The London Tube Strike Begins


The London Tube Strike Severely Reduces Service

The London tube strike has started after “last-ditch” efforts, called for by the Mayor of London, failed to reach an agreement and unions rejected a new offer from Transport for London (TfL). The strike started at 18:00 GMT. TfL warned that there would be “severely reduced service across the Tube network,” and no service at all on the Victoria or Waterloo & City lines. London Mayor Sadiqu Khan tweeted, “This tube strike will cause misery to millions of Londoners.” He has instructed TfL “to continue negotiating.” Khan said the TfL’s negotiating team “will be available around the clock to resolve this dispute.” He called the strike “pointless.”

The London Tube Disruption Will Cause Issues Getting to Work

DERBY, ENGLAND - JULY 16: Completed carriages for London Underground wait to be delivered after being built at the Bombardier Transport manufacturing plant on July 16, 2014 in Derby, England. The train maker Bombardier build rolling stock for both mainline train operations and London Underground. Currently they are building the latest consignment of carriages for the London Crossrail project. (Photo by Christopher Furlong/Getty Images)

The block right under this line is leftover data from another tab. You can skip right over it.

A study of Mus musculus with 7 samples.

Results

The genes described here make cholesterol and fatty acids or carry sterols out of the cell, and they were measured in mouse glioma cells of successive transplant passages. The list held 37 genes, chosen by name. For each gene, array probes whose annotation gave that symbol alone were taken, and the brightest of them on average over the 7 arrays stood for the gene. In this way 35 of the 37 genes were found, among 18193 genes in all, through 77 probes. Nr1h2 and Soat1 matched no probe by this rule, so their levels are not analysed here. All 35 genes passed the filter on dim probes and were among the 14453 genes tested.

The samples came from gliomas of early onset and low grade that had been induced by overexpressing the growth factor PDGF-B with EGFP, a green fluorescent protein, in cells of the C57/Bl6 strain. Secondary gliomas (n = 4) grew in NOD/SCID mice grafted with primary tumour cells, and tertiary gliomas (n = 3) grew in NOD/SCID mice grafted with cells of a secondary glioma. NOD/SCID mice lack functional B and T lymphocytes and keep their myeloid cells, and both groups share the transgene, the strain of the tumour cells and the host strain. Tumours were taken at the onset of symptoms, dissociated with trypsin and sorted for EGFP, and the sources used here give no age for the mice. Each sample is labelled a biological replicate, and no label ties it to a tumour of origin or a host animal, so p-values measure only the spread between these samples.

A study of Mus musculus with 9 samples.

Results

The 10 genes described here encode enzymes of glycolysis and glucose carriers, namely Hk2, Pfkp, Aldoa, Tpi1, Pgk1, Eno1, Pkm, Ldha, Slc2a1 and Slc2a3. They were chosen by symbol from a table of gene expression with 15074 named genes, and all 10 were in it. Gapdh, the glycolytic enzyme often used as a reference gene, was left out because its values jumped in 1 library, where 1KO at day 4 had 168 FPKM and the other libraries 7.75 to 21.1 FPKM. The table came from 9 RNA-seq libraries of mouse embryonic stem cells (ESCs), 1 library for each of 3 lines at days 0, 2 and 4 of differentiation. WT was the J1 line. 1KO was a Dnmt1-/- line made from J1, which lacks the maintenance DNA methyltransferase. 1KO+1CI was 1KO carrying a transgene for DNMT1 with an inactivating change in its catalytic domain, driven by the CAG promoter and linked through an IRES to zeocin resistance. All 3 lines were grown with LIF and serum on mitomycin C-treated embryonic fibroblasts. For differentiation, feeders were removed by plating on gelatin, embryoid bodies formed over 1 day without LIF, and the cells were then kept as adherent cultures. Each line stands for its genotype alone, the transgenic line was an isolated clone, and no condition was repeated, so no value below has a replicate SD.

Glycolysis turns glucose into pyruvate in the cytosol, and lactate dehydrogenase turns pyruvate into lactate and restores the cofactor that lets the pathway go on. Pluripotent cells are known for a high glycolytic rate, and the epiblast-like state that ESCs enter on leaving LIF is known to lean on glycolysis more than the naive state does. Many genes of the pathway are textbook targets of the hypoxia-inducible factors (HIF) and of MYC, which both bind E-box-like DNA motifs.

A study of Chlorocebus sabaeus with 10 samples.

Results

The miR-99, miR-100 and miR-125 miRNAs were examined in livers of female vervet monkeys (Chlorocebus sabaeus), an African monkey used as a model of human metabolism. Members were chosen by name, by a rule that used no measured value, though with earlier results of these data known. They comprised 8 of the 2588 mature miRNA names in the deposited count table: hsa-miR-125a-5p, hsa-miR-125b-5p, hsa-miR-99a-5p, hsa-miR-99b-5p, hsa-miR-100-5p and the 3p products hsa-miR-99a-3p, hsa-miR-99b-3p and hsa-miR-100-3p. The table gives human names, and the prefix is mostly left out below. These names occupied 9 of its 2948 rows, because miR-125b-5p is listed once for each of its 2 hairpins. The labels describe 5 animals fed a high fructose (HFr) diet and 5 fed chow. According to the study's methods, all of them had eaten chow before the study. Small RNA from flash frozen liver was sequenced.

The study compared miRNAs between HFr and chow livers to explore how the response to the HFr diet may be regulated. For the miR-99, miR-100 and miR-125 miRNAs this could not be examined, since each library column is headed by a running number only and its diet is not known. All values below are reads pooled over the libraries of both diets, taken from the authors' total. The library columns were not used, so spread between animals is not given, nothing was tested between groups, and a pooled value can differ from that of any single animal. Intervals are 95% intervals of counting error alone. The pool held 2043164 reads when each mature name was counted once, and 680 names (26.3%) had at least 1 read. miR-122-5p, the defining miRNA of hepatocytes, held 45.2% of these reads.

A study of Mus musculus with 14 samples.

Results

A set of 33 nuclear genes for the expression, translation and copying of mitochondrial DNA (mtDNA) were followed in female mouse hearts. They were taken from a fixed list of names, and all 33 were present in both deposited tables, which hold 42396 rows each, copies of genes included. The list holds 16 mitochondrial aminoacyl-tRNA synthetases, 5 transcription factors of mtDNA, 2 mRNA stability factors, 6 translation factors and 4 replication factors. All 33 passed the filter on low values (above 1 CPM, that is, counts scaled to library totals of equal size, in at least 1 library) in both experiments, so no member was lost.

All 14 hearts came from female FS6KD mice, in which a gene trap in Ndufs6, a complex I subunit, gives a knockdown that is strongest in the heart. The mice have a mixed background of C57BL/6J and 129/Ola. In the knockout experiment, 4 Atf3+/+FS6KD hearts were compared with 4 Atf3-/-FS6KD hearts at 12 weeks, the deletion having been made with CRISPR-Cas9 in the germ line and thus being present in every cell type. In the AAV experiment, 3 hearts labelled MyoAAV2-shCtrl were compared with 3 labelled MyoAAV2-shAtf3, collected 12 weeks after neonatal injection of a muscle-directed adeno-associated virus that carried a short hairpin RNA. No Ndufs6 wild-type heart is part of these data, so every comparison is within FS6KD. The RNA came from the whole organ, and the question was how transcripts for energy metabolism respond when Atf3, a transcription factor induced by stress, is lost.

Monday will cause major problems for commuters. The majority of London Tube stations will be closed. No underground services will be available from stations such as Victoria, King’s Cross, Waterloo, Paddington, Euston, Bank and London Bridge. The Piccadilly line services will run between Hammersmith and Heathrow Terminals 1, 2, and 3, but not to Terminals 4 or 5. There will not be any service available on the Victoria and City lines. London will have limited services on other Tube lines in the outer areas of the city.

Approximately 100-150 buses are being added to run in the city during the strike. However, buses, roads and rail services are all expected to be much busier than usual.